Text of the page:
A simple blood, urine or saliva test helps measure FSH or follicle-stimulating hormone and LH or luteinizing hormone. These hormones are produced by the anterior pituitary gland and they regulate the development and growth of the body. They govern pubertal maturation and reproductive processes of the body. In young women, an acute rise in FSH and LH in blood triggers the process of ovulation. In men, testicles produce testosterone in the presence of LH. Studies show that FSH plays an important role in the development of spermatozoa (the male reproductive cell) in men.
When are FSH and LH Levels Measured?
- Difficulty getting pregnant
- Irregular or heavy menstrual periods
- Symptoms of pituitary or hypothalamic disorders
- Symptoms of ovarian or testicular disease
- If a doctor suspects that a child has 'delayed' or 'earlier than expected' sexual maturation
Normal Levels in Women
The amount of FSH and LH in blood in men and women is normally low during childhood. In women, post-menopause levels of these hormones are quite high. During the reproductive years, LH levels are between 1-20 IU/L. High LH levels during LH surge may last for 48 hours. High follicle stimulating hormone levels during reproductive years is considered abnormal. Normal FSH levels, necessary for proper development of sex organs and for production of normal number of reproductive cells are supposed to be between 3 mIU/ml to 10 mIU/ml.
Low Levels in Women
Gonadotropin releasing hormone (GnRH) secreted by the hypothalamus triggers the release of FSH and LH. Maximum amount of FSH is secreted during the first week of the follicular stage of the menstrual cycle. It stimulates the ovaries to release estrogen and progesterone. The correct time to measure blood FSH levels is on the third day of the menstruation cycle. On day 3, normal FSH levels would be 3-20 mIU/ml while normal LH levels would be less than 7 mIU/ml. Ovulation occurs within 48 hours after LH surge.
The surge triggers the process of ovulation. On the surge day, LH levels should be greater than 20 mIU/ml. Levels of FSH and LH are found to be abnormal in PCOS (ovarian cyst). LH levels higher than FSH levels indicate that the woman has ovarian cyst or polycystic ovarian syndrome (PCOS). Low FSH levels and low LH levels in women indicate secondary ovarian failure due to a pituitary or hypothalamic problem while low FSH serum levels are associated with increased risk of ovarian cancer. High LH levels and high FSH levels are consistent with primary ovarian failure (ovaries themselves fail to work).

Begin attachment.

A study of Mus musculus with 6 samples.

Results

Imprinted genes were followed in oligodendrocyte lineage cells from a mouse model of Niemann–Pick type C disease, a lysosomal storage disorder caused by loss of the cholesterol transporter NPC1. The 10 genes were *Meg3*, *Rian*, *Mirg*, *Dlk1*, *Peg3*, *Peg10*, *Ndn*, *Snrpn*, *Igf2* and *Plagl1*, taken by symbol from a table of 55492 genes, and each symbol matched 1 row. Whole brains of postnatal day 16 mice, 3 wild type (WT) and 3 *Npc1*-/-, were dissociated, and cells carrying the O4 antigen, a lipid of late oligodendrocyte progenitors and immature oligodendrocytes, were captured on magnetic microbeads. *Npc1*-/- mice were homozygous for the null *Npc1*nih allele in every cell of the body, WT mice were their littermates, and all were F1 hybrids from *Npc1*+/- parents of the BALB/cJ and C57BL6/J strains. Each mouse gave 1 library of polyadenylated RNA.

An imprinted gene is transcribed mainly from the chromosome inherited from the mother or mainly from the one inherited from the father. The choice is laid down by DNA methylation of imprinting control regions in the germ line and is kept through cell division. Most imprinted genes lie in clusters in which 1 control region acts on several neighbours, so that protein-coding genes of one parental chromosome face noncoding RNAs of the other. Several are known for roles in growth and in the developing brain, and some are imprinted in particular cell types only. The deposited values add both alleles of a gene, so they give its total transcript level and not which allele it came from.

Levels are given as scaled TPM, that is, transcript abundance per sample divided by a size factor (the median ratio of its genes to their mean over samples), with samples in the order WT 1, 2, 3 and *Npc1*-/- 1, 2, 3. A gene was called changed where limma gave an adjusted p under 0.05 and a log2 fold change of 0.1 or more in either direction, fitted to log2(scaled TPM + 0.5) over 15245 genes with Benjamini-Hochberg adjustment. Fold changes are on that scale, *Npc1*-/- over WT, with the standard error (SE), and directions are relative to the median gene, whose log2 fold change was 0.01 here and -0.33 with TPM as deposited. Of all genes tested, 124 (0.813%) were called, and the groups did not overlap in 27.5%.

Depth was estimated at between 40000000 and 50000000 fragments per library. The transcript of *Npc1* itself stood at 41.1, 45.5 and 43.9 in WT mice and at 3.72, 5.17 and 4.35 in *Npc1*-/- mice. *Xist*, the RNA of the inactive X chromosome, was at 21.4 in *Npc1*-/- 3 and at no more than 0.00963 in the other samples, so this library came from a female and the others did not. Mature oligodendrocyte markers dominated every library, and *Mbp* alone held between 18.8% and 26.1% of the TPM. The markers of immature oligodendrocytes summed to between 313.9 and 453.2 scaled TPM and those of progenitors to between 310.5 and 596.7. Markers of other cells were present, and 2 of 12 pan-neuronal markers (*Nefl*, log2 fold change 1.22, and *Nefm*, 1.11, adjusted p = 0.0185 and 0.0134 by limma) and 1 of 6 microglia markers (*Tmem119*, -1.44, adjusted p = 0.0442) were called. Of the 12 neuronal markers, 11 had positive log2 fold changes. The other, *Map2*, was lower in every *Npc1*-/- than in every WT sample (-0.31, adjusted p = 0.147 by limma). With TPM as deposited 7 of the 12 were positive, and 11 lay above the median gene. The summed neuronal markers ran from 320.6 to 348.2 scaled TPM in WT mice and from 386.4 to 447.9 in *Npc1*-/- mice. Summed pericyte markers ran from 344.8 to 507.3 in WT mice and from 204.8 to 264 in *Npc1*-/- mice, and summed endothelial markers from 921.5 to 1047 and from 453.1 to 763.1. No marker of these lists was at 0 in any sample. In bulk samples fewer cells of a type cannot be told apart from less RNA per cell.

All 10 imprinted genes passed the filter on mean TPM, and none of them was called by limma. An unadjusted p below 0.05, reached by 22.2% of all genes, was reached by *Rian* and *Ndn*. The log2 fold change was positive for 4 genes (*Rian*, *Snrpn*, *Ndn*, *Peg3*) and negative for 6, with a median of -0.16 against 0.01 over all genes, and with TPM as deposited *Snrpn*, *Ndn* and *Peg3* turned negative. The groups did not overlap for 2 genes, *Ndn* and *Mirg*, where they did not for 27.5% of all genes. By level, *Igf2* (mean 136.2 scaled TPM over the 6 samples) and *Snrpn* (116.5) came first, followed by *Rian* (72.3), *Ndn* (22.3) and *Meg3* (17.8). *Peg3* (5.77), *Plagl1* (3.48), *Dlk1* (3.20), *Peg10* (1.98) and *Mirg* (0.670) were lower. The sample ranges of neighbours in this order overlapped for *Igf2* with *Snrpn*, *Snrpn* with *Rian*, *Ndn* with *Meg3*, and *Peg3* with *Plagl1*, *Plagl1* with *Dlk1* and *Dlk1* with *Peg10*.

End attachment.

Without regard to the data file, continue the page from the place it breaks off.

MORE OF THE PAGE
Levels During Pregnancy
The serum FSH level of a pregnant woman remains almost unchanged during pregnancy. It has been observed that pituitary gonadotropin synthesis and release are inhibited during pregnancy. LH levels decrease as the luteal function is regulated by the hormone hCG which is released by the placenta. The woman may have normal LH and FSH levels, about 20 and 15 days after the delivery, respectively.
Levels in Menopause
Elevated FSH levels clearly indicate that a woman has entered into the phase of menopause. FSH level rises more than the LH level during menopause. First the FSH level and then the LH level, both reach significantly higher levels as the woman reaches the stage of menopause. The levels are higher than those reached in the surge during menstrual cycles. The FSH level can be measured with the help of urine and a saliva test too. In case of a menstruating woman, the normal blood FSH would be between 5 and 25 mIU/ml.
FSH levels higher than 25 indicates that the woman is currently in the peri or premenopausal stage. A woman who has reached the stage of menopause would have FSH around 50 mIU/ml. A urine test is more reliable than the saliva test, because the saliva test may get affected by a number of factors such as, smoking and intake of oral contraceptives. As there exists a peculiar relationship between FSH levels and menopause, FSH and LH tests can help women know whether they are experiencing the symptoms of menopause or symptoms of some other health problem.
Men have more stable values of FSH than women. Apart from finding out the exact cause of infertility, FSH and LH tests also help differentiate between primary and secondary ovarian failure in women. Multiple testing of FSH is usually required in case of women as concentrations of FSH are cyclic, and they vary significantly, peaking each month. Depression, excessive stress, lack of nutrients in diet, unhealthy lifestyle can adversely affect the hormone levels. There is no need to panic if your blood test results are abnormal. A doctor would interpret the results correctly and may order a repeat test. You should consult your physician to know the exact cause of hormonal imbalance.